As we saw in our earliest conversations with Python, we must communicate very precisely when we write Python code. The smallest deviation or mistake will cause Python to give up looking at your program.
Beginning programmers often take the fact that Python leaves no room for errors as evidence that Python is mean, hateful and cruel. While Python seems to like everyone else, Python knows them personally and holds a grudge against them. Because of this grudge, Python takes our perfectly written programs and rejects them as “unfit” just to torment us.
>>> primt 'Hello world!'File "<stdin>", line 1primt 'Hello world!'ˆSyntaxError: invalid syntax>>> primt 'Hello world'File "<stdin>", line 1primt 'Hello world'ˆSyntaxError: invalid syntax>>> I hate you Python!File "<stdin>", line 1I hate you Python!ˆSyntaxError: invalid syntax>>> if you come out of there, I would teach you a lessonFile "<stdin>", line 1if you come out of there, I would teach you a lessonˆSyntaxError: invalid syntax>>>
There is little to be gained by arguing with Python. It is a tool, it has no emotion and it is happy and ready to serve you whenever you need it. Its error messages sound harsh, but they are just Python’s call for help. It has looked at what you typed, and it simply cannot understand what you have entered.
Python is much more like a dog, loving you unconditionally, having a few key words that it understands, looking you with a sweet look on its face (>>>) and waiting for you to say something it understands. When Python says “SyntaxError: invalid syntax”, it is simply wagging its tail and saying, “You seemed to say something but I just don’t understand what you meant, but please keep talking to me (>>>).”
As your programs become increasingly sophisticated, you will encounter three general types of errors:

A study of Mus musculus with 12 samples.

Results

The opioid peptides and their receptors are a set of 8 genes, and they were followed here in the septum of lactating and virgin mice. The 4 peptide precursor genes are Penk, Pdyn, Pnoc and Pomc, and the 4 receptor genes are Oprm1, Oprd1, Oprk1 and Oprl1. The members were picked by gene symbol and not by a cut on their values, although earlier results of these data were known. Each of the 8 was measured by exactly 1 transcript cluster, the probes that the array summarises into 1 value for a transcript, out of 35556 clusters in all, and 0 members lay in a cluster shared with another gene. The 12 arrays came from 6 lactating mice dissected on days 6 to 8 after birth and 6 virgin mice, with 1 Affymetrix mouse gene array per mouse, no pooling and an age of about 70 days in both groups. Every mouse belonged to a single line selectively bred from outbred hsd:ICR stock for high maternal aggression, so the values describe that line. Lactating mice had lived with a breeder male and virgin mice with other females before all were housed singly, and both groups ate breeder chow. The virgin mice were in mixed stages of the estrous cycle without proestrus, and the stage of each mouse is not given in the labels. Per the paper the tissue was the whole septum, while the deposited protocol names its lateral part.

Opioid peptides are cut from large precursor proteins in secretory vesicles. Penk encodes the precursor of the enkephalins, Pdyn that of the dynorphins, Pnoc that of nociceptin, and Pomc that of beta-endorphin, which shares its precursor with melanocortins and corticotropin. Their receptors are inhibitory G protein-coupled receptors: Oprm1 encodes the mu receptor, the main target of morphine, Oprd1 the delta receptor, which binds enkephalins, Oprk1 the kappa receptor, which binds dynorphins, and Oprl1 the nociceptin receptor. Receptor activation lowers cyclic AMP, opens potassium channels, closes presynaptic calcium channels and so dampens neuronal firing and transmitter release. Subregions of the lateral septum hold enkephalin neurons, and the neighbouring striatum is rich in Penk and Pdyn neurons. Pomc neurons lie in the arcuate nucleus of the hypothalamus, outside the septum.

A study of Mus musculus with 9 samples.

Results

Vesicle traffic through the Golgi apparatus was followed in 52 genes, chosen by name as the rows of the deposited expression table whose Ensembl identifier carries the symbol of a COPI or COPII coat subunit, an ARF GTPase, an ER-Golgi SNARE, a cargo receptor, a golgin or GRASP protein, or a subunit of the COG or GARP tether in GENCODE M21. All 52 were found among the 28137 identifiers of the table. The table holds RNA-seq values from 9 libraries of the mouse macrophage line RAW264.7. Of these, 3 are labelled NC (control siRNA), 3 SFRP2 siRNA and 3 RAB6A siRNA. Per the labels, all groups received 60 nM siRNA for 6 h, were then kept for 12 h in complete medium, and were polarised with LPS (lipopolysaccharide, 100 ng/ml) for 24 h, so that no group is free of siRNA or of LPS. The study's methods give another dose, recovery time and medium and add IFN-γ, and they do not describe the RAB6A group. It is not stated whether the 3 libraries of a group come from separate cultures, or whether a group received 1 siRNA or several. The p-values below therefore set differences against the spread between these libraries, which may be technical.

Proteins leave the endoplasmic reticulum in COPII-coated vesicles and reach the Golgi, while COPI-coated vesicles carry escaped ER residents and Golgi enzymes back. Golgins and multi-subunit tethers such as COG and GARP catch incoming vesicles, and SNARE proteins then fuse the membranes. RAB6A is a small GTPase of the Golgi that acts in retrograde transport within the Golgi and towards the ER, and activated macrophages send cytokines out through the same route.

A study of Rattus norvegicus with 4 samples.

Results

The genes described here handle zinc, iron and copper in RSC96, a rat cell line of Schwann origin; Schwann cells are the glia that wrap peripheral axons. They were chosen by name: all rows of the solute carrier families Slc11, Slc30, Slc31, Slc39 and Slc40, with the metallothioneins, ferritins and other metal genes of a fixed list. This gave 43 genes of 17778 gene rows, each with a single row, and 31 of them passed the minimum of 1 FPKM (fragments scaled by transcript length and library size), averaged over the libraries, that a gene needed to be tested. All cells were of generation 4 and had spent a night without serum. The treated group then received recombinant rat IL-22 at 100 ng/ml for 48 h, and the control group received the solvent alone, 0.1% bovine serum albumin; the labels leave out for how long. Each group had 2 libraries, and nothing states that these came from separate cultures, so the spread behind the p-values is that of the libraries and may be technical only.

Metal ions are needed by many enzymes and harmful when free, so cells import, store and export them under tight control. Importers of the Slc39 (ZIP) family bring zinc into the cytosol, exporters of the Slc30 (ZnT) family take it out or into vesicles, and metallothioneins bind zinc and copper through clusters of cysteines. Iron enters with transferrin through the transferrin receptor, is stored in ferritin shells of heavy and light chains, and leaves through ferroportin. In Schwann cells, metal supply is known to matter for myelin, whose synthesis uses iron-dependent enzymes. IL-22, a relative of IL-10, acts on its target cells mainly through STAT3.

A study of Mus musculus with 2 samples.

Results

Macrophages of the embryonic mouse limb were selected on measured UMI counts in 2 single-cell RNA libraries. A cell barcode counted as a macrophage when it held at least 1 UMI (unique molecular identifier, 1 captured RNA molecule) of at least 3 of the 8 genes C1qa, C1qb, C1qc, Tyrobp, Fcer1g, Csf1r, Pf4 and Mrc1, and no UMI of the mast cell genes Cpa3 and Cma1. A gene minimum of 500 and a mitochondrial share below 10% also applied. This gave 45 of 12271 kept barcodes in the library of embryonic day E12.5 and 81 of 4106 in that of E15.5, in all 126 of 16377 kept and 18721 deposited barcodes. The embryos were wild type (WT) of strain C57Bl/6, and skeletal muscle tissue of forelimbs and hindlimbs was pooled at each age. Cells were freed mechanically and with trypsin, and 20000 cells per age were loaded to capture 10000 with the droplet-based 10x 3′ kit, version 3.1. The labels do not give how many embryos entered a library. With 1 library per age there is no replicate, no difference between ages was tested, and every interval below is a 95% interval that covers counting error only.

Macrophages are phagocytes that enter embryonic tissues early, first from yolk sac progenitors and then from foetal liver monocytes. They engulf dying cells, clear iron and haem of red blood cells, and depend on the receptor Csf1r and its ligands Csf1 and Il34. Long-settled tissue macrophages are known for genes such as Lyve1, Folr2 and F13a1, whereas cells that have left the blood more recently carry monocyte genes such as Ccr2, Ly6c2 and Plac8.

Syntax errors: These are the first errors you will make and the easiest to fix. A syntax error means that you have violated the “grammar” rules of Python.
Python does its best to point right at the line and character where it noticed it was confused. The only tricky bit of syntax errors is that sometimes the mistake that needs fixing is actually earlier in the program than where Python noticed it was confused. So the line and character that Python indicates in a syntax error may just be a starting point for your investigation.
Logic errors: A logic error is when your program has good syntax but there is a mistake in the order of the statements or perhaps a mistake in how the statements relate to one another. A good example of a logic error might be, “take a drink from your water bottle, put it in your backpack, walk to the library, and then put the top back on the bottle.”
Semantic errors: A semantic error is when your description of the steps to take is syntactically perfect and in the right order, but there is simply a mistake in the program. The program is perfectly correct but it does not do what you intended for it to do. A simple example would be if you were giving a person directions to a restaurant and said, “... when you reach the intersection with the gas station, turn left and go one mile and the restaurant is a red building on your left.”. Your friend is very late and calls you to tell you that they are on a farm and walking around behind a barn, with no sign of a restaurant. The you say “did you turn left or right gas station?” and they say, “I followed your directions perfectly, I have them written down, it says turn left and go one mile at the gas station.”. Then you say, “I am very sorry, because while my instructions were syntactically correct, they sadly contained a small but undetected semantic error.”.
Again in all three types of errors, Python is merely trying its hardest to do exactly what you have asked.